Jan 142021
 

It is so very difficult. When I witness anger and hatred boiling out of a mass of humanity, as that which flooded my life on January 6, part of me wants to turn away and remain in denial. Another part sets out, with the rest of me as an unwitting accomplice, to hate those who hate. In those moments I am reminded of words from The Prayer of St Francis: “Where there is hatred, let me sow love.” Neither turning away, nor allowing hatred to take me hostage, helps heal the wounds that underpin the anger that erupts in the world.

Let me be clear, I am terrified by what the far-right intends for the future of the United States, and globally. There are millions who want a racist world order I find reprehensible. But in this moment, I am desperately trying to separate the movement from individuals that inhabit it.

Anger and hatred are often consequent emotions. If I have learned anything from 18 years answering calls on a suicide hotline, it is this: what shows up as anger and hate, usually emerge out of profound sorrow, deep hurt, or debilitating fear. Sometimes all three. Christian Picciolini, a former neo-Nazi punk rock musician, and founder of the Free Radicals Project, now works tirelessly to prevent extremism and help people disengage from hate movements. In his raw, emotionally-charged book, Breaking Hate: Confronting the New Culture of Extremism, Picciolini reveals his secret to helping people escape…he listens. He listens without judgement for what he calls the “potholes” in their lives—abuse, bullying, desertion, loss, grief, and more—that leave them feeling lost, alone, marginalized, and worthless. Arguments, logic, and rationality are, in his experience, not helpful. Those devices, to which we so quickly turn, leave the person in his midst feeling unheard, lost, and lonely. They can even trigger a frightened, vulnerable individual and send them back to the safety of the extremist community that first took them in. Understanding and empathy are the only keys that unlock doorways.

In a post on social media, I recommended four books, including Breaking Hate, that have helped. They do not, even for an instant, enable me to accept the hateful language, but they have offered a glimpse into the emanation of far-right vitriol. When I suggested these volumes, one respondent replied, “Understanding it is pointless. The only thing to do is to stop tolerating it and begin prosecuting, stopping, and jailing every last traitor.” If we are talking appropriate consequences for a mob trashing the rule of law, I agree. However, if, instead, I focus on the millions of individual broken souls that inhabit that dark and dangerous landscape, I must demur. In an interview, Jitarth Jadeja, who spent two years as a dedicated follower of QAnon, but now understands the horrific lies and fabrications, was asked how to help others discover the truth. “It has to start with empathy and understanding,” he said.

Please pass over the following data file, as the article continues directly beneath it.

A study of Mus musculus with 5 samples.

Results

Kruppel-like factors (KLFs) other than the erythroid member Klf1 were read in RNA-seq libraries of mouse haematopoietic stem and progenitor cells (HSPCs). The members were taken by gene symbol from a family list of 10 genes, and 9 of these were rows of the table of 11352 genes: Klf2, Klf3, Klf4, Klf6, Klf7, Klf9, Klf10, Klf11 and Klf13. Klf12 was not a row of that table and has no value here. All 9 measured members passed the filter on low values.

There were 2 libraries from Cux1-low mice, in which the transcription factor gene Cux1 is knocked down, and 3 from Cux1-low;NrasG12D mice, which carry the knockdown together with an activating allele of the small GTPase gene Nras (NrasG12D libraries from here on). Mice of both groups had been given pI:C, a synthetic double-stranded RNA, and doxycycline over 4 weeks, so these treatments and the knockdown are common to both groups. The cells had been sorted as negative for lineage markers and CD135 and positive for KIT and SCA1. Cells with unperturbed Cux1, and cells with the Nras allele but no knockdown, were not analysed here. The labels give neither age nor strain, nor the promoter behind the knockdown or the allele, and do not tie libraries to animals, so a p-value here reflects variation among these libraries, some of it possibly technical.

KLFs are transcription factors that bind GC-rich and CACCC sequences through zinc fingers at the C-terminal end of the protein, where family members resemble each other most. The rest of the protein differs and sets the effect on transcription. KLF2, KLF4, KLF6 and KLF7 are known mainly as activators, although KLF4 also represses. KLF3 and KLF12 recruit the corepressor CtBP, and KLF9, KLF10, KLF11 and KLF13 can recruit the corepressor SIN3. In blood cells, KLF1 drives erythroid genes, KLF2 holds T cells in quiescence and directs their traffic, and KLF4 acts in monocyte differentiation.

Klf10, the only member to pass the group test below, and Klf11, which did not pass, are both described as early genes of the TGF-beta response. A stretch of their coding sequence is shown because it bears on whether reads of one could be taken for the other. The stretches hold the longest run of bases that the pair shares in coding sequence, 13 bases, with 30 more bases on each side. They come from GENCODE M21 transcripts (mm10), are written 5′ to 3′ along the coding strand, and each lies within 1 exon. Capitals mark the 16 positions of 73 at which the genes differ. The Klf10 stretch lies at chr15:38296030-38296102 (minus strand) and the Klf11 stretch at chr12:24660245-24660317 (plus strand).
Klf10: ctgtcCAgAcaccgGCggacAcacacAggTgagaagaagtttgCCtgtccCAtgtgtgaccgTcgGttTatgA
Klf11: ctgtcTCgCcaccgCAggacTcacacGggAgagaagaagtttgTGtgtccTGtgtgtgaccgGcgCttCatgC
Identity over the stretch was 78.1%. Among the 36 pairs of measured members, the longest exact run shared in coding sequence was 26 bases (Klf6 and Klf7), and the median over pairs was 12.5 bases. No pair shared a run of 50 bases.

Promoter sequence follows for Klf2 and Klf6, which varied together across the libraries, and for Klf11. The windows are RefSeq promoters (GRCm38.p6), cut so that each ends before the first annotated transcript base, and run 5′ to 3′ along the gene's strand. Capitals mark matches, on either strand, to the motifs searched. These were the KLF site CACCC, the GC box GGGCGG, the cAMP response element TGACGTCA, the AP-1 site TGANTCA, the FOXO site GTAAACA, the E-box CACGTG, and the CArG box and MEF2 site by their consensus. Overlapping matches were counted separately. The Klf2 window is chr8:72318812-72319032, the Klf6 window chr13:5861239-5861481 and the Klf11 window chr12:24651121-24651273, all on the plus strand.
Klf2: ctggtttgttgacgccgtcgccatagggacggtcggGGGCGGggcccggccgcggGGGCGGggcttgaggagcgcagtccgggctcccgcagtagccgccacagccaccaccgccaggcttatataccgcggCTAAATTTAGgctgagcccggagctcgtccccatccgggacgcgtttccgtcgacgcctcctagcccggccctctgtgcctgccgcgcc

Shortly after January 6, a friend asked, “What about ISIS? They want to kill me. Am I supposed to offer them empathy and understanding?” Call me naïve, but, even there, in a one-on-one, human conversation with a person who sees differently than I, what might I discover about the treacherous mountains and terrifying chasms millions must endure? Those lessons are only available if I first try to understand rather than insisting on being understood.

The Prayer of St. Francis continues: “Where there is doubt, let me sow faith; where there is despair, hope; where there is darkness, light; and where there is sadness, joy.” If I begin in this moment, is there even a remote chance of healing a miniscule portion of the profound sorrow, deep hurt, and debilitating fear that is in my midst every day, but to which I am often blind?

 It is so very difficult, but, in the end, it is the most enlightening and joyful of journeys.